Walk #415: Rhos-on-Sea to Point of Ayr
Map of the walk
Maps courtesy of Google Maps. Route for indicative purposes only, and may have been plotted after the walk. Please let me have comments on what you think of this new format. For a detailed table of timings for this walk, please see the table file.
This was one of the most boring walks that I have done for some time, and the directions are extremely simple. The initial part of the walk from Rhos-on-sea through Colwyn Bay was quite nice, as the views back along the coast towards Little Ormes Head were very good, and I enjoyed the walk past the quite attractive and not overly commercialised pier in the town. I was rather disappointed to see a grey haze when I looked to the northeast, which looked as though it may be a smog layer over the Liverpool area.
I walked quite fast today, averaging well over three miles an hour for the day. This was due mainly due to the flat and easy nature of the terrain, which allowed fast walking, even by me, who is not the world's fastest walker. Although walking this fast was a little straining, I found that I could keep it up for almost all of the day, and this is particularly surprising given the state that my feet were in after yesterday's walk. I had strapped them up very well this morning, and this appears to have done the trick and protected my feet today. This procedure will have to be repeated for the next few days until my feet have recovered naturally.
Sam parked Mervan in Rhyl and rode down on her bike, meeting me in Abergele and she rode alongside me as I walked. By the time that we reached Kinmel Bay I was in need of a rest, so we stopped at The Ferry pub near the bridge over the River Clwyd so that we could have a drink and a little rest before continuing on. Rhyl itself was what I can only describe as a bit of a dump - the seafront area was extremely commercialised, and there was nothing really that I found of interest. Prestatyn was much better, and the seafront area appeared to be far nicer. Both towns were very busy due to the high temperatures, with hundreds of people scattered around the seafront areas. It was quite strange (and in a way sad) that the vast majority of the people were packed into the area right beside the facilities - on the beach in the centre of Rhyl there was hardly any sand to be seen amongst the throngs of people, and yet when I walked a mile eastwards there was the same lovely beach but very few people. It is fairly obvious that people are loath to go a little distance away from the facilities, which is a great shame.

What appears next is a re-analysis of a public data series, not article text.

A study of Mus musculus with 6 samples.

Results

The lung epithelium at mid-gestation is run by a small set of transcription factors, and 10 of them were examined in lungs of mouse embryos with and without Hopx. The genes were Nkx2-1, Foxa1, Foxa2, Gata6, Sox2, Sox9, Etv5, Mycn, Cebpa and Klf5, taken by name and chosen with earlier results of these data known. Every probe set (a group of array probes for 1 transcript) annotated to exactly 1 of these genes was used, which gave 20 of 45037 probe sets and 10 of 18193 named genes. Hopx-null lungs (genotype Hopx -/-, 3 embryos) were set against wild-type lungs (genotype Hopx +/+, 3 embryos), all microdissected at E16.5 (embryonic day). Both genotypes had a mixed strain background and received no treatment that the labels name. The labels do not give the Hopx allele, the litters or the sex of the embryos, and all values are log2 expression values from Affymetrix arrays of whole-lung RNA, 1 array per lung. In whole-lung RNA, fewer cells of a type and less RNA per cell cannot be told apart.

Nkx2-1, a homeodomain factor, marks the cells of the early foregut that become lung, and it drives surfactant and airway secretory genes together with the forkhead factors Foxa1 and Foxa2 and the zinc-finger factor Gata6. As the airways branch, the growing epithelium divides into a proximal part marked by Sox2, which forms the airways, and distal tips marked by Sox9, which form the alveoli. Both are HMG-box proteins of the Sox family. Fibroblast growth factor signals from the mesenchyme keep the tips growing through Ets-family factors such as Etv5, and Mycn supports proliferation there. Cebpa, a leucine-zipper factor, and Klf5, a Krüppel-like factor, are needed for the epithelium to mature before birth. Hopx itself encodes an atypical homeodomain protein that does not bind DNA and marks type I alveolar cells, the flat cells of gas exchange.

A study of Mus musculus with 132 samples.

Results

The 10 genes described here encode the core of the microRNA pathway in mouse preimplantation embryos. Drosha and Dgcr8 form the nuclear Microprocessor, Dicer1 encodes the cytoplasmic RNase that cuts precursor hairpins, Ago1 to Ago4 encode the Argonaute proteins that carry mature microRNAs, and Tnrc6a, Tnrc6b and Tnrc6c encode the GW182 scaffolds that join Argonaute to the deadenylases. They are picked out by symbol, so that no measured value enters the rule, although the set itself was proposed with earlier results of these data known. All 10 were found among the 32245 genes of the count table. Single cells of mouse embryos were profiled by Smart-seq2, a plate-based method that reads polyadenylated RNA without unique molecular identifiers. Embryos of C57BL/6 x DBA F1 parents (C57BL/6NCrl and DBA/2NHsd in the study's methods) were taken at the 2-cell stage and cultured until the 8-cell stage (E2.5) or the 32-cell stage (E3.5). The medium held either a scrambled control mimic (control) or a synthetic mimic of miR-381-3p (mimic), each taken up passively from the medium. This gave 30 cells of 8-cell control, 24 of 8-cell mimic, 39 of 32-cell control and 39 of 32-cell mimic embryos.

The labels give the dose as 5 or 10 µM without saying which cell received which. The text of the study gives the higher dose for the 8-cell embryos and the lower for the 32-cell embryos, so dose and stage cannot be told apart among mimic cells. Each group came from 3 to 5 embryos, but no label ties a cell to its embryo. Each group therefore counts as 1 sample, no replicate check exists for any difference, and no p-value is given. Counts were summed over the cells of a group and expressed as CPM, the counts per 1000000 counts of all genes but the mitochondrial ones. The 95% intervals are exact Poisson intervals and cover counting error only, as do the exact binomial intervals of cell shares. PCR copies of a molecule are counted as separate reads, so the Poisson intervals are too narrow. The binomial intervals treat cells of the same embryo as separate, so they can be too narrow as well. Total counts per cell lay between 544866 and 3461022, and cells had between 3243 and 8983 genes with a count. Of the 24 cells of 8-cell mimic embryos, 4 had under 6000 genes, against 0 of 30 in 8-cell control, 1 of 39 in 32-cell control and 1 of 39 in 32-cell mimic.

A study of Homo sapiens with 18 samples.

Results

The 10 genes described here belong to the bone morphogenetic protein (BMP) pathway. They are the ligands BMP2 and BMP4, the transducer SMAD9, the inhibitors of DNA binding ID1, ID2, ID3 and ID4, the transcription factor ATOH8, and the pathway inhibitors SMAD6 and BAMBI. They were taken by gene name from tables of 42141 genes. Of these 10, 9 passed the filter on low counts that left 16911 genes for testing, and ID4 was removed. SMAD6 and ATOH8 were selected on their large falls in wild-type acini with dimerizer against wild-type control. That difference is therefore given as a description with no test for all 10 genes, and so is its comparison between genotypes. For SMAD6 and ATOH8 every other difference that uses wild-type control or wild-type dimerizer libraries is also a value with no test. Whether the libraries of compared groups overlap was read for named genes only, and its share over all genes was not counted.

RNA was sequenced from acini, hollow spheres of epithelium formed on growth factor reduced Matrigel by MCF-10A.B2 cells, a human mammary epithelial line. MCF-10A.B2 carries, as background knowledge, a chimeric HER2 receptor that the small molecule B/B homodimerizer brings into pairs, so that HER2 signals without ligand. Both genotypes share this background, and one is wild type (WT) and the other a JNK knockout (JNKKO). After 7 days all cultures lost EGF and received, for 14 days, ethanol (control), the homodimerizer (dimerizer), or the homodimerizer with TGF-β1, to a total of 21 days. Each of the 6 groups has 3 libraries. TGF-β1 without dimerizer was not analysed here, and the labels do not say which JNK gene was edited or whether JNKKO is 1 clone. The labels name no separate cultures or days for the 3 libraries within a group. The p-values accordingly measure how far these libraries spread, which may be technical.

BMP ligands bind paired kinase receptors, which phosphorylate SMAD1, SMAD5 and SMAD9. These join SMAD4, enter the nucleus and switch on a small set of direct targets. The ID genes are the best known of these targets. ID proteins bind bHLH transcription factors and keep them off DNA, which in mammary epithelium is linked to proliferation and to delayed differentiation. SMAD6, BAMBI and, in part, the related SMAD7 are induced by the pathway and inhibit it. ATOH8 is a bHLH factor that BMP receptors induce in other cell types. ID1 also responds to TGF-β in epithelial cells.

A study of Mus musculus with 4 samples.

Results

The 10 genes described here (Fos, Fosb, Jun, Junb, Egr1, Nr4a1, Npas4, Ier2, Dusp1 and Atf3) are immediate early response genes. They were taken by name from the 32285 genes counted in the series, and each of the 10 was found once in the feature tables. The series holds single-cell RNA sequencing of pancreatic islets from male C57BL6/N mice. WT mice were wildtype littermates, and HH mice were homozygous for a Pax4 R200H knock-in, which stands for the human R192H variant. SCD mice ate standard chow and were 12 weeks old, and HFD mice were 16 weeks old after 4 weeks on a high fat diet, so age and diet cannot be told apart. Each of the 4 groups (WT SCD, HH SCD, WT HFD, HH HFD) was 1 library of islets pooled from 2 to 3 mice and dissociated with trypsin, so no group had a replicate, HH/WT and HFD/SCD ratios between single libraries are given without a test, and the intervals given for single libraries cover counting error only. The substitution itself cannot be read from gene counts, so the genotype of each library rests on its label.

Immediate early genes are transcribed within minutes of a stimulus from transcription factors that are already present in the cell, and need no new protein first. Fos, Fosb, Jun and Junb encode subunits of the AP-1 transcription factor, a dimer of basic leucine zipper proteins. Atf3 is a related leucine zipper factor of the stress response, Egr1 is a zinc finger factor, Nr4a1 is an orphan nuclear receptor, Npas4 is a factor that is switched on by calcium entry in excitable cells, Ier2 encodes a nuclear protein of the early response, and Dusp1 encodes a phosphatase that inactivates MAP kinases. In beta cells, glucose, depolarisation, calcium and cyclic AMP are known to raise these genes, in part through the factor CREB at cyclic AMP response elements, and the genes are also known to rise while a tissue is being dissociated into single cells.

When I met Sam in the car park beside the Smugglers Inn at the Point of Ayr, and I sank with relief onto the step of the van. I was feeling absolutely fine and was quite keen to continue, but I decided that it would be best to stop where I was; I had already walked a good distance today, and I am trying not to push myself too hard. My trainers were soaked after walking through the little river on the beach, and so I sat on the step allowing them to dry out slowly.
It was a lovely evening, and we decided to go on a bit of a fund raising drive this evening. We drove back into Rhyl and raided a few pubs in the town, before moving into Prestatyn and eventually back to the Point of Ayr. This was quite successful, and as summer comes along I can see us doing this more often. I was very tired when we eventually got back to the car park, and I went into the pub so that I could use their facilities before having a shower in the van.
Tomorrow promises to be an irritating day. I have to walk down the southern bank of the River Dee to Flint, and this will involve walking along a main road for long distances. I will not be able to see the sea for long periods, and I shall be entering large industrial areas. I can only hope that the traffic on the main road will be light, as some sections are dual carriageway and so I doubt that they will have pavements beside them. I am really not looking forward to this walk, and it looks as though this may be the case until I get to Liverpool - the next few days to come are all through industrial areas.
The directions for this walk are very simple, as from Rhos-on-Sea to the eastern side of Prestatyn there is a surfaced cycle path (part of the National Cycle Network route 5) all the way. This is well signposted and easy to follow, and only moved away from the seafront once, to cross the River Clwyd.
When the cycle path ends in Prestatyn I joined the beach, and followed this eastwards until I got to the lighthouse at the Point of Ayr. I walked quite far out from the dunes on this section, which was probably a mistake as there was a little river to cross, which I managed to ford easily although my trainers did get soaked. From the lighthouse I headed southeastwards inland across the beach, aiming for a car park beside the Smugglers Inn in Talacre, where this walk ends.
This makes a total distance of 19.9 miles, with 554 feet of ascent and 567 feet of descent.
We parked in a car park at the Point of Ayr, near the Smugglers Inn. This car park was quite busy, but I was too tired to really care about the noise.
Please note that I take no responsibility for anything that may happen when following these directions. If you intend to follow this route, then please use the relevant maps and check the route out before you go out. As always when walking, use common sense and you should be fine.